I have looked at Mt. Morrison’s grand 12,240 ft summit for many years. We had a Spring summit attempt in 2017, when we said “who cares, let’s ski” at the Morrison Couloir. In 2020 Sadie and I climbed Laurel and the view of Morrison again called to me. Now on fun-employment I took the day to bag it (basically this route) through brush, across post holing snow and up some 4th class rock that I got myself into (the route goes Class 3 if you aren’t messing around like me).
I started my day at the overnight trailhead lot at 6am. This is where I made my first and only mistake of the day. I didn’t realize there was day-use parking outside of the resort along Convict Lake right by where the hike starts. This cost me a mile and about 15 minutes each way, but tired feet speak. When I got to approximately to the left of the stream bed (shown as a river on a topo map), I just started up. No trail, just trying to stay left of the gully and away from trees. Following deer paths until I climbed the first 1200 ft out of the Convict Lake basin.
From here I got myself pulled into the right side canyon a few times by trying to avoid gaining unnecessary elevation, traversing going towards a saddle. However, I soon found those were false saddles and staying on the ridge reduced the shin to knee high brush to more like ankle height. Keeping on top of the ‘ridge’ I reached the base of the Morrison couloir in about two hours at 10,000 ft. (FYI there was no water at the ‘lake’ shown on topos at the base of the couloir)
I found a use-trail climbing up the scree which started at the base of the couloir. This trail was steep but got me up to the couloir pretty fast. Peering over the other side, there was still a decent amount of snow in the gulley but it was a lot steeper than I remember.
At this point I turned up towards Morrison, going across a snow patch for about 100 ft. Unfortunately, this snow traverse put me to work. I was postholing knee to hip in the snow which softened up very quickly in the day (9am). I would bury my ice axe to the blade and then try to pull myself up. I resorted to crawling up with the ice axe and a free hand several times.
Finally through this snow section it became a little scrambly where I tried to stay on rock instead of the rock gully with loose stuff on top of hard stone. I had to be careful of rock because even big stuff could tumble like the microwave sized block I stepped on and pushed down mountain a few feet. A big deal if it fell on my leg or foot.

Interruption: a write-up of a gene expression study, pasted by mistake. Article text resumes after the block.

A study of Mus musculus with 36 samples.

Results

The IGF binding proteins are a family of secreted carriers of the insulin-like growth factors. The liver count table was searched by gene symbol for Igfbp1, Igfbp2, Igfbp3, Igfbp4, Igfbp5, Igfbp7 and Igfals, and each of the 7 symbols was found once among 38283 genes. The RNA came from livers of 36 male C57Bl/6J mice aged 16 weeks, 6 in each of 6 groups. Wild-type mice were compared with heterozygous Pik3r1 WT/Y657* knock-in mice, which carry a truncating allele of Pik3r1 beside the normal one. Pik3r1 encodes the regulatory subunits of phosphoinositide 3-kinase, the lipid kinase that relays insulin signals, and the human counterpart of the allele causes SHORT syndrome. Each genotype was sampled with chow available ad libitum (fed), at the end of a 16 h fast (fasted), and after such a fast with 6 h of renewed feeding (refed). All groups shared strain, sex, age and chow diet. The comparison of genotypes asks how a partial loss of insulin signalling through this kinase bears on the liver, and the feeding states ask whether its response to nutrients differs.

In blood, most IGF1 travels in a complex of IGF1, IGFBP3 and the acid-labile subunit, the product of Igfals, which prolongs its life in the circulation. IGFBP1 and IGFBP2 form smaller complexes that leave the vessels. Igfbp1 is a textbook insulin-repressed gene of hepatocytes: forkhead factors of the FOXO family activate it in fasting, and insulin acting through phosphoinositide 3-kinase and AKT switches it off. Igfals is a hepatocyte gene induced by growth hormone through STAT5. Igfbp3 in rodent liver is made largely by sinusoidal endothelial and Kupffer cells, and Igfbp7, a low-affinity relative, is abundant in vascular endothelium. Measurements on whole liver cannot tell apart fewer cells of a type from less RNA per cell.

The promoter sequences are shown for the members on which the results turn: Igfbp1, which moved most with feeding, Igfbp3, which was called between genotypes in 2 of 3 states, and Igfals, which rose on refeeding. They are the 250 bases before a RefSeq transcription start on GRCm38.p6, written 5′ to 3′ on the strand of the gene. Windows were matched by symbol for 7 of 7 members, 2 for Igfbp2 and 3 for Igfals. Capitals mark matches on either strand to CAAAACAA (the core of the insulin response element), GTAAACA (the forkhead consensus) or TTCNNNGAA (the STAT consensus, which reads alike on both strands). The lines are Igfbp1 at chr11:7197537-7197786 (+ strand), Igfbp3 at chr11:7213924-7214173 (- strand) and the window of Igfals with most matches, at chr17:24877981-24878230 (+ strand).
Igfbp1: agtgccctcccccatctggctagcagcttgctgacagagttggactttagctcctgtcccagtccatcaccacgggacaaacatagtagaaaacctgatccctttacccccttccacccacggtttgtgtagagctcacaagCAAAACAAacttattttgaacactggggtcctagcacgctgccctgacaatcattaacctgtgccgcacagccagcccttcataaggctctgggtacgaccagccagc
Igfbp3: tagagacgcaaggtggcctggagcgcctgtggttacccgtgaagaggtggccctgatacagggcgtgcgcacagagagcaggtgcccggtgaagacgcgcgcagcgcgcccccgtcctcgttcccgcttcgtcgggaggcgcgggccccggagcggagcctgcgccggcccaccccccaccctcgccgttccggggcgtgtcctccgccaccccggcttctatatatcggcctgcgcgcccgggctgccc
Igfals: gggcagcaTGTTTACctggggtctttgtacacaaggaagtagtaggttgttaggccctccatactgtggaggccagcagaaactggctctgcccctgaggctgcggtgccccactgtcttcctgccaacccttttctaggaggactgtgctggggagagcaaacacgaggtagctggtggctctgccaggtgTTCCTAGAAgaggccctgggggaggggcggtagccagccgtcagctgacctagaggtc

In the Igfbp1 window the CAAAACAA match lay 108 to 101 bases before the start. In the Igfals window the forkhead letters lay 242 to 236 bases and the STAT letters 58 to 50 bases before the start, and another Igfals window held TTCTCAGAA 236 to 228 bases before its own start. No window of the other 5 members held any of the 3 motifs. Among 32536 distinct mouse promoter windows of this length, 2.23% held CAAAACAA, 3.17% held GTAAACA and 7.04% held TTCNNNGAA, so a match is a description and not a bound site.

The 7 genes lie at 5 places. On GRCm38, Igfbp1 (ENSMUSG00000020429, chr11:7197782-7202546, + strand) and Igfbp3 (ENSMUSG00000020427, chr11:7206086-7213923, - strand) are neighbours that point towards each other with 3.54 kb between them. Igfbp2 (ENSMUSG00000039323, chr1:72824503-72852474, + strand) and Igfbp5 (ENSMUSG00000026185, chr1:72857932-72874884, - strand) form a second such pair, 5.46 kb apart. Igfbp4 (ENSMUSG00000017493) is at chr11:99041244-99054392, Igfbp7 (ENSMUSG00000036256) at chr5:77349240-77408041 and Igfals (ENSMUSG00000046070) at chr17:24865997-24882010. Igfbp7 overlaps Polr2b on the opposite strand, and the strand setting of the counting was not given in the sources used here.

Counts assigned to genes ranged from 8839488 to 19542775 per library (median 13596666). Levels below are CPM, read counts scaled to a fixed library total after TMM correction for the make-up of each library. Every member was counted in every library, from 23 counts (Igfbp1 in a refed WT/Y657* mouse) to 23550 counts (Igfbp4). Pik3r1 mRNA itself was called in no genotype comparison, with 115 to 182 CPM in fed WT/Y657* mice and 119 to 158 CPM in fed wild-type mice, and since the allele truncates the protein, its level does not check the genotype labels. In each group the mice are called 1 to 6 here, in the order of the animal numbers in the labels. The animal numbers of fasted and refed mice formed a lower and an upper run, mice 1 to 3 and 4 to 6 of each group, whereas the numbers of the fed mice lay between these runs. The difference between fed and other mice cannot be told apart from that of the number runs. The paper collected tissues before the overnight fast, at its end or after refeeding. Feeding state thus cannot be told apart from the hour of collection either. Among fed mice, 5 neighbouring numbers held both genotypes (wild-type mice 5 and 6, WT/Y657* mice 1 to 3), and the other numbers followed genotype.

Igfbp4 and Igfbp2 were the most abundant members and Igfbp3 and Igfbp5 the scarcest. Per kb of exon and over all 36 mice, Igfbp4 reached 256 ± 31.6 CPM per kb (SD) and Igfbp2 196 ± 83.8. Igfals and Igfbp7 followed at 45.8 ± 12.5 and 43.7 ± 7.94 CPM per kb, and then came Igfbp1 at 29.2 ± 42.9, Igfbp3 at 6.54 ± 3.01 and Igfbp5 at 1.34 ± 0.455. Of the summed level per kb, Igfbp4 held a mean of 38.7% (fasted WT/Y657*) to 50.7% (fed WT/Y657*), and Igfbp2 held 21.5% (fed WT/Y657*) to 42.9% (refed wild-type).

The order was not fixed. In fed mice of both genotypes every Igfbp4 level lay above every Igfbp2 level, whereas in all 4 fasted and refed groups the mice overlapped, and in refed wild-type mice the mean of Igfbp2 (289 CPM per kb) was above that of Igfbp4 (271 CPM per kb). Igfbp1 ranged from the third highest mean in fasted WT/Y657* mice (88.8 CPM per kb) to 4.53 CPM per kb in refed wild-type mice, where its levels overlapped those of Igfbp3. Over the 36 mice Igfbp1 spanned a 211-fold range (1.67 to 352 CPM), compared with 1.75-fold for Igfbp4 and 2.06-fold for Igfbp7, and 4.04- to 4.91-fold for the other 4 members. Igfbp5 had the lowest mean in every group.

For a section, I started climbing on some rock that got steeper and steeper and eventually was in Class 4 territory. I was in this harder terrain mainly because I was trying to get the feel of alpine climbing and a little exposure for an upcoming objective this Spring.
After the steep stuff, it was hard to catch my breath at 12,000 ft. I managed to slowly make my way to the summit and sign the registrar full of ski ascents from the season. “Now its time to ski this shit” was a common phrase. Celebrating my four hour ascent of 5 miles 4,500 ft I ate some food and took in the view. I’m pretty quick on summits so after 15 minutes I was gone. Off down loose stuff on hard rock, trying to go around the steep stuff I climbed before and retrace my steps.
Just above the couloir, I reached some snow in the trees and started my long glissade. The snow was sufficiently warm at 10am and my ice axe was kinda doing nothing to slow me down. I had to push my feet a foot down into the snow to get enough friction to stop and guide me through the trees for half the glissade until I got into the open on tougher snow.
Glissade done, it was time to hike the brush out to the car. I always feel kinda cool wearing an ice axe and felt like some mountain man as I stumbled out of the brush onto the road by two lake-goers. After a mile hike back to the car, it was complete! 6 hours car-car for 10 miles, 4,500 ft. I felt it was a pretty good showing even if the AllTrails comment says that’s the average.